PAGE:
We believe major bank dividends are sustainable. This is despite a challenging operating environment that we feel is being reasonably managed to grow profitably at a steady rate and lower overall earnings volatility. In this report, we look at historical precedents to make our case.
Recent steps taken have included strengthening the balance sheet, focusing on the more profitable retail and business banking lines, offsetting higher funding costs through lending rate rises (as always, unofficially implementing monetary policy on behalf of the RBA!), further reducing the cost base and taking actions to remediate issues raised by the banking inquiry.
This optimism is also based on the understanding that loan impairment expenses (LIE) – being the key driver behind banks’ significant dividend intentions – should not increase to levels experienced in past crises due to de-risking efforts to date [i.e. away from unsecured personal lending (193bp GLA) and real estate construction (114bp GLA), and towards mortgages (3bp GLA)] and expectations of a stable economy.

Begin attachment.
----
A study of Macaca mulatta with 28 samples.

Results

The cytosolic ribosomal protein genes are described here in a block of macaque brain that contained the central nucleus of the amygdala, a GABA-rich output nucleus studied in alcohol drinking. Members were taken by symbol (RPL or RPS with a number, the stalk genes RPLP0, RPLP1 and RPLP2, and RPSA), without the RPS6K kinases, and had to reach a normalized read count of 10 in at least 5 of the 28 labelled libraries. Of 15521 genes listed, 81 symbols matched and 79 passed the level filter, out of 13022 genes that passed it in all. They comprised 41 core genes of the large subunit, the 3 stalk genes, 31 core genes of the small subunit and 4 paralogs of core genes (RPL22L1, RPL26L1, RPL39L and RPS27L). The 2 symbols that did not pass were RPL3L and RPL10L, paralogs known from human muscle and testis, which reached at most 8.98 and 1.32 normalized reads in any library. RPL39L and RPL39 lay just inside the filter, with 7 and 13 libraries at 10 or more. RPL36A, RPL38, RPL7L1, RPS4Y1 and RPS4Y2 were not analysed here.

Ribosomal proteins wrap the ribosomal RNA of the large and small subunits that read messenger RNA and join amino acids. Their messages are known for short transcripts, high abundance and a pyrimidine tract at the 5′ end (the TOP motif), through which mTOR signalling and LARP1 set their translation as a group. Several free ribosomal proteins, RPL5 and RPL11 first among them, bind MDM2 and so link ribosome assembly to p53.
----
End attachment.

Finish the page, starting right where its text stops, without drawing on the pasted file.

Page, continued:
To put this into perspective, bank sector dividends have gone backwards only on three occasions in the last 39 years and these followed: (1) the 1987 crash (15% reduction, BDD charges exceeded 50bp); (2) the early-1990s recession (35% reduction, BDD charges increased to 267%); and (3) the GFC (23% reduction, BDD charges reached 42bp).
The reasons were largely due to poor assessment of commercial lending risks and unique economic events such as external liquidity shocks and a combination of high inflation and high interest and unemployment rates. This is unlike today’s economic setting and more conservative lending practices. The banks have also improved their capital, funding and liquidity positions since the GFC and these should further enhance the sustainability of their dividends. Finally, major bank dividends remain highly attractive relative to term deposit and cash account rates (on average by as much as 6.5% and 8.0% respectively).
Our preferred major banks are WBC (lower earnings volatility, conservative credit risk management and strong overall balance sheet – P/T $31.20, Buy) and ANZ (strong capital management flexibility to either expand lending volumes or return surplus capital to shareholders via share buybacks – P/T $31.60, Buy). Our summary table follows, and you can access the report in full below that.